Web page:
It was the best of times; it was the worst of times; it was the age of wisdom; it was the age of foolishness. While the current dynamics of coal may not match the intrigue and tumult of A Tale of Two Cities, the initial sentiments certainly reflect how things are shaping up in the sector. Recently, newspapers were all abuzz with Coal India’s emergence as the country’s “most valued company” in terms of market capitalization.
India has one-sixth of the world’s population but accounts for about 5 percent of the world’s energy consumption. India’s energy sector is plagued with energy and peak power shortages. At the present time, a large percentage of the population – official estimates indicate about 50 percent – do not have access to electricity. The development goal of providing access to convenient energy sources – electricity, liquefied petroleum gas (LPG) for cooking – would need a significant increase in the energy services supplied.
Growing water scarcity is being recognized as an important problem facing India. Per capita availability of water in India has declined from over 3,000 cubic meters (CuM) per year from 1951 to 1,820 CuM in 2001. In nine out of twenty river basins, per capita availability of water is below 1,700 CuM per year, indicating that India is experiencing severe water stress. In particular, the status of groundwater resources of the country is a matter of serious concern.
At the recently concluded UN Climate Change Conference of Parties (COP-16) at Cancun, banners of civil society groups hopefully and expectantly urged “Cancun Can.” And it did; at the end of two weeks of exhausting discussions and negotiations, the world has taken a small but sure step towards a meaningful set of global agreements on climate change.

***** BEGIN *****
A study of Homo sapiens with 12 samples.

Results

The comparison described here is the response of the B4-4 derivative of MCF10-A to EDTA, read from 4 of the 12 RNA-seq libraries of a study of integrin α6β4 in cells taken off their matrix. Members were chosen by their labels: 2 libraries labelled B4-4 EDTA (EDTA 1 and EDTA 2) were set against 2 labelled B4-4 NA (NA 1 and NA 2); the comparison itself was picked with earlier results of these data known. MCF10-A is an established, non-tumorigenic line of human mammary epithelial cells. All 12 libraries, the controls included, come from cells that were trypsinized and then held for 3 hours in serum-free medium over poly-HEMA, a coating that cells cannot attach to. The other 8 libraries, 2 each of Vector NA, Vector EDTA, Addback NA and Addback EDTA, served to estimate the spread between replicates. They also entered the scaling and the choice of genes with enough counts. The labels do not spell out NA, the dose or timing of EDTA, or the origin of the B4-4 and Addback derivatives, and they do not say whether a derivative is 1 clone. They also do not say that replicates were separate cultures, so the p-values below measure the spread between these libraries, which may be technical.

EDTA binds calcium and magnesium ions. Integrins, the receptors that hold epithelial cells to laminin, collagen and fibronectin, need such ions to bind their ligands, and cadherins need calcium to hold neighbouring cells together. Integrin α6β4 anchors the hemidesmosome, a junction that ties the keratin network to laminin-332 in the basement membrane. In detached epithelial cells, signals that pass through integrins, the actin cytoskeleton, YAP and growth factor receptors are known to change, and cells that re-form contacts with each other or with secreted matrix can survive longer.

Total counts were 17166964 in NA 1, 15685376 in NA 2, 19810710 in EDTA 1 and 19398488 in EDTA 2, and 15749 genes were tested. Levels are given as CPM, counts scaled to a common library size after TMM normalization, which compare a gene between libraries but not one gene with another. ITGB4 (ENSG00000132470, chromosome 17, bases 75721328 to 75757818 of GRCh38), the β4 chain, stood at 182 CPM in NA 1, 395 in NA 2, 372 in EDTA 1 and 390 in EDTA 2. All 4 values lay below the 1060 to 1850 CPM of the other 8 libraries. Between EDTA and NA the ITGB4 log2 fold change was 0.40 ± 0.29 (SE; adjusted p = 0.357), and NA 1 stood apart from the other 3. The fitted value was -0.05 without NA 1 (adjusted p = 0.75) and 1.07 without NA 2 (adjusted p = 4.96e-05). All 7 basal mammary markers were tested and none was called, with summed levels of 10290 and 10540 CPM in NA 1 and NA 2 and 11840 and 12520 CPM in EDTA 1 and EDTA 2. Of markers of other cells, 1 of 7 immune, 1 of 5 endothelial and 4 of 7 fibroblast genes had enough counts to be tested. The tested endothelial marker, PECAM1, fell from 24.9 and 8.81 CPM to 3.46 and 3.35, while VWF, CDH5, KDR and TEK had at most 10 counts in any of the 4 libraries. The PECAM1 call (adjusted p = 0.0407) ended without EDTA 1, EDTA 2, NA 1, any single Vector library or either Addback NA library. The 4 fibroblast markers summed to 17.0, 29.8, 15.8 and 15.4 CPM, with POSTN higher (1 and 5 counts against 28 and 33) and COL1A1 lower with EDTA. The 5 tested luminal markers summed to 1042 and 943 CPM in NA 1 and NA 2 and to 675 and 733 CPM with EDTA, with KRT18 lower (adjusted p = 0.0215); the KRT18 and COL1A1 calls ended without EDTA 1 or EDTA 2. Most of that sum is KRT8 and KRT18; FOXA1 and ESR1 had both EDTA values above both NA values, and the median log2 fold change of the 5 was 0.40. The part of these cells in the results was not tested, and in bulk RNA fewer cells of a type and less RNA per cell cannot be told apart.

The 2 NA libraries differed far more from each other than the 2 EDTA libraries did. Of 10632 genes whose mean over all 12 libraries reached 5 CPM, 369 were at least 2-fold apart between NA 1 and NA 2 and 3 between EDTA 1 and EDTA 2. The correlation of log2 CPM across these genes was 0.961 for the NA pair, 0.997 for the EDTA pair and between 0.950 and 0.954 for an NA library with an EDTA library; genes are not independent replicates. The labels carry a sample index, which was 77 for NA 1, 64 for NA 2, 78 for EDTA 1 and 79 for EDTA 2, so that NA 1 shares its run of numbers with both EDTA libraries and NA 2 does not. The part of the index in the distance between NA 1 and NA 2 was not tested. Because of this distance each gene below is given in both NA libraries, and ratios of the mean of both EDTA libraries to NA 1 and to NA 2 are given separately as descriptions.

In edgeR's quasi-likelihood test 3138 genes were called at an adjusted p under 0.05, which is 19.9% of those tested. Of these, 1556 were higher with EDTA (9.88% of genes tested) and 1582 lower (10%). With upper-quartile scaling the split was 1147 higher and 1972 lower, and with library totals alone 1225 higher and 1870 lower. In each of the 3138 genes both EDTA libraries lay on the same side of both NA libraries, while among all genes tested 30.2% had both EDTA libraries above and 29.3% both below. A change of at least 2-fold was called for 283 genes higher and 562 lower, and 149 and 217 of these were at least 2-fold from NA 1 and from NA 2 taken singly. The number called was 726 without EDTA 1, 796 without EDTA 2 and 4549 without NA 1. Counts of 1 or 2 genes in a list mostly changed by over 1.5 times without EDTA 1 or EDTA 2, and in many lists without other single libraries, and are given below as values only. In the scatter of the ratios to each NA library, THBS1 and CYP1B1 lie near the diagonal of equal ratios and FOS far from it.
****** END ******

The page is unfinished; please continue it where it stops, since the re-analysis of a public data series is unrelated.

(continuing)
As the next round of international negotiations over climate change commences in Cancun, Mexico, the Indian government finds itself on center stage. In the lead up, the Indian environment minister has stated that India would proffer a framework for monitoring emissions-reduction efforts, known as the International Consultation Analysis (ICA), and a mechanism for technology transfer.
The rapid growth in motor vehicle ownership and activity in India – motor vehicle numbers have doubled every six or so years from 1980 to 2004 – has provided mobility to millions, and contributed to employment and the economy. This trend is, however, causing a wide range of adverse impacts. Perhaps the most serious of these impacts, in health and welfare terms, result from road traffic accidents.
A specter is haunting India; a specter of clean, safe, and affordable access to goods and services for all. Policy makers find themselves at a cusp, not quite sure whether to follow the model of automobile-dominated urban development that characterizes twentieth century North America, or to look at contemporary cities in Northern Europe instead, where pedestrians, bicyclists, and users of public transit are given far greater priority than car drivers.
Is India a land drained by rivers in a system that begins in point sources on high grounds and flows to the sea or is it a terrain soaked and overflowed by rains that fall in complex ways across a thickened surface of soils, aquifers, life, and atmosphere? The former dominates word and image, fact and imagination. It is the taken for granted geography that provides the ground of ecology, technology, and history. This ground is, however, profoundly simplistic.
The discovery of a major new cause of climate change may provide India’s best opportunity to engage with the international climate community in a way that enhances, rather than threatens, India’s broader national interests.
In the run-up to elections, the print media has highlighted the seeming prosperity of rural India relative to the economic slump in urban areas. Favorable monsoon rains, the rise in commodity prices and public works funded by the employment guarantee scheme are cited as some of the contributory factors. However, a happy coincidence of transient features does not constitute a turn-around.